The National Shrine of the Immaculate Conception here in Washington has a professional choir, of which I am a member. (In one of the pictures on the Web site, you can see me, directly over the oboe player but very out of focus.) We perform at the high Mass on Sundays at noon, as well as for various special celebrations and concerts throughout the year, and we sing a lot of music. One piece that stands out among those we are rehearsing right now is a motet by Vincenzo Ugolini (d. 1638) titled Beata es virgo Maria. It is in 12 parts (3 choirs), one of several pieces in that arrangement of voices published by this composer, and it is quite enjoyable to sing.

Ugolini was choirmaster at the French church in Rome (S. Luigi dei Francesi) and had a brief stint directing the choir of the Cappella Giulia, one of the big musical organizations in the Vatican, during which he composed the 12-part pieces. Financial records indicate that three organs were used to perform them, with the regular choir augmented by a score of temporarily hired singers and separated into three groups. Take that, San Marco! For anyone who is interested, we will be performing this piece at the Shrine at noon Mass on Assumption (August 15), the same feast for which it was composed.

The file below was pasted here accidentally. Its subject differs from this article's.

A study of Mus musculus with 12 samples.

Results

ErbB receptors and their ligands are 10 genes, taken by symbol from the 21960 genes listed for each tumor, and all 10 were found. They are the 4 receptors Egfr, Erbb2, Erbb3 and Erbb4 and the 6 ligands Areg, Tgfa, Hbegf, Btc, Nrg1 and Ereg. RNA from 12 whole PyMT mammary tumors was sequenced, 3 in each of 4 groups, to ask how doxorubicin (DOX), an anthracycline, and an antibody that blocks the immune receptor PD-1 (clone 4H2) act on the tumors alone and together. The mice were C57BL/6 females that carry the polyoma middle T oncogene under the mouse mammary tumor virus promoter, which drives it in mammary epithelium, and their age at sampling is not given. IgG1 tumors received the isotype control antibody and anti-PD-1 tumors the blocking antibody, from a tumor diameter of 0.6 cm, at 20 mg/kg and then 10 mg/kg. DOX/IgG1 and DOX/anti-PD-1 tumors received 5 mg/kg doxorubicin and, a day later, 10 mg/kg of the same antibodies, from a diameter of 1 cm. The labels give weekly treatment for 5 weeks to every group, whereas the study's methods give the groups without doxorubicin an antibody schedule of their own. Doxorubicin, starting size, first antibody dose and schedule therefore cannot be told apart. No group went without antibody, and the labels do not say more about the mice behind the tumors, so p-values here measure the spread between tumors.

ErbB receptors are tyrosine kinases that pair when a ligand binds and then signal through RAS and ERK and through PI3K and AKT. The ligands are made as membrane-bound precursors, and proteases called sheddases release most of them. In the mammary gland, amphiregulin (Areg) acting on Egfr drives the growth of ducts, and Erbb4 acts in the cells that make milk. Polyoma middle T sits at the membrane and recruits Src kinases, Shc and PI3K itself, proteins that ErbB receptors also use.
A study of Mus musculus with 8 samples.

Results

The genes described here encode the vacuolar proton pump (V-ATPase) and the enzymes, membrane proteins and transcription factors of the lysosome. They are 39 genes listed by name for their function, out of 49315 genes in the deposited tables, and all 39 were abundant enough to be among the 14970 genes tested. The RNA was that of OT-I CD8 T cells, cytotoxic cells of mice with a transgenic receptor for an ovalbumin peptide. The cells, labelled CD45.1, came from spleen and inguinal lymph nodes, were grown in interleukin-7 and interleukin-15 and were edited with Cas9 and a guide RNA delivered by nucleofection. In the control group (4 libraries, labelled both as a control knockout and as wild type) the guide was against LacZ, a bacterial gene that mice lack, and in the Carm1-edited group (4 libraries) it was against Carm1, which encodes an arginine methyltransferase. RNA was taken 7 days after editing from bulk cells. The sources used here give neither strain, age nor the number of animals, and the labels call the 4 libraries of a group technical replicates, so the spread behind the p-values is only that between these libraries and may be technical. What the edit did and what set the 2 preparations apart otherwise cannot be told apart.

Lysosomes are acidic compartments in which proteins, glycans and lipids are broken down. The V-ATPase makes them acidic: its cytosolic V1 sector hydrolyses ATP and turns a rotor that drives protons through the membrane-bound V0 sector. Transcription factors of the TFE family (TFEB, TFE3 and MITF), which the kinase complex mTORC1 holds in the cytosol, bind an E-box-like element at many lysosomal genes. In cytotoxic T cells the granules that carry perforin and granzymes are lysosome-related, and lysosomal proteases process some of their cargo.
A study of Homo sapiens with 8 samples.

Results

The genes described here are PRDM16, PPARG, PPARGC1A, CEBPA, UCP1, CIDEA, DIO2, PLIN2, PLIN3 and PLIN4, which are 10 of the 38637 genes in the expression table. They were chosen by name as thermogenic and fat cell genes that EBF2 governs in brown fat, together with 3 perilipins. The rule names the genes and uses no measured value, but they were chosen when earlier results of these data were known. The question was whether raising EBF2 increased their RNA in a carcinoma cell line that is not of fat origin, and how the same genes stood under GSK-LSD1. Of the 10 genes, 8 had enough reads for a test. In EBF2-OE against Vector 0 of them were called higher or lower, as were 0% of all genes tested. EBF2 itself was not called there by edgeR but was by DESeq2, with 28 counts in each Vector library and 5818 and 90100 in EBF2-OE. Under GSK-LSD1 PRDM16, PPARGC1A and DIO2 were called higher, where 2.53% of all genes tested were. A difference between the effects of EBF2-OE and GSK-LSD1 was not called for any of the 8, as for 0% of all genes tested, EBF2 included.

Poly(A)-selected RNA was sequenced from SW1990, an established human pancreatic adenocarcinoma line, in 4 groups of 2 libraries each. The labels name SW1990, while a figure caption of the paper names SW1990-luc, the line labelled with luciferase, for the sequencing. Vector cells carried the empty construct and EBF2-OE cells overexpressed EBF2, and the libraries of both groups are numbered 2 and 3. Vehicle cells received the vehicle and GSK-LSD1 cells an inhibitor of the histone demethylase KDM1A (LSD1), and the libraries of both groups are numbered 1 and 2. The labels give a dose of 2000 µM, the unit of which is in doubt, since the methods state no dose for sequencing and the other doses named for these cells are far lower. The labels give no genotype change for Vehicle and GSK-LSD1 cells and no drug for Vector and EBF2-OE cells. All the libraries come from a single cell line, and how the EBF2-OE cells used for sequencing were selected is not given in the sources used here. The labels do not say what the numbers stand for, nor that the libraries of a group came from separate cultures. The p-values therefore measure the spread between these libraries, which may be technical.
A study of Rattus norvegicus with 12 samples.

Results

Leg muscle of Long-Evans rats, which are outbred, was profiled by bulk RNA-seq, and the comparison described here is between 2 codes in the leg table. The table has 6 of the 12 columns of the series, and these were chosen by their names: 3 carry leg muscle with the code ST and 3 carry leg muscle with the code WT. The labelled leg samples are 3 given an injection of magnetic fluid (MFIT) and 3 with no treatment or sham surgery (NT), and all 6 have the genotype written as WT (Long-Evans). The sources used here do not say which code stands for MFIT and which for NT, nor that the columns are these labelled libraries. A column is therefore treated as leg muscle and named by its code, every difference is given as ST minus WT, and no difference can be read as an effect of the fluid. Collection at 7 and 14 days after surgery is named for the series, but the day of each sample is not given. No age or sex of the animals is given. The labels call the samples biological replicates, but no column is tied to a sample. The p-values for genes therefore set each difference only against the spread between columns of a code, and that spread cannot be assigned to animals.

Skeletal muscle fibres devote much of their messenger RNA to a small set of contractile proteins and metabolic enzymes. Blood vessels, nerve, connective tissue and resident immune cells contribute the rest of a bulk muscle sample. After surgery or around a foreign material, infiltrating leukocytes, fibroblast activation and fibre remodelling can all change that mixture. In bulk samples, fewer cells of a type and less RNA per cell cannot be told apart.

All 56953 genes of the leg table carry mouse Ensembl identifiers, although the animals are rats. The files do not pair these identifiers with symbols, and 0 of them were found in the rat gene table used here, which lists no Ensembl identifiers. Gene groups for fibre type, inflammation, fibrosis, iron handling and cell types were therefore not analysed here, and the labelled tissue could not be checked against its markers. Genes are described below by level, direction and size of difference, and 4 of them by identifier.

It is particularly thrilling for a musicologist who is also a singer to perform historical music in a way that recalls its origins. We are not going to use three organs in our performance, although there are three available at the Shrine, but the parallels are often striking. The Shrine is an immense place, with no fixed congregation, and the choir is accomplished and led by extremely talented people, which is about as close to San Pietro in the early 17th century as one could hope to get. There are other big churches in the same situation around the world. However, nothing was as close to touching history as the tour that the Shrine Choir made of Rome in 1993, including singing Palestrina's motet Tu es Petrus at the tomb of St. Peter and works by Giovanni Anerio (d. 1630) in the Lateran Basilica where he was choirmaster. I think musicians alone among artists enjoy this chance to relive and be involved in the creative gestures of the past in such an intimate way.


Tami said...

I, too, love the Ugolini piece. However, I can not find a source for his printed music. What source do you use?

Charles T. Downey said...

We use the Mapa Mundi edition at the National Shrine, and they have at least three Ugolini motets in their catalogue. Plus there's an online score of Surge Petre (also for triple choir).

John Wiens said...

MAPA also has scores to two other fine ones - Exultate Omnes and Quae es Ista. Edited by Graham Dixon, a very fine musicologist. The Exultate's opening is a really superb piece of writing.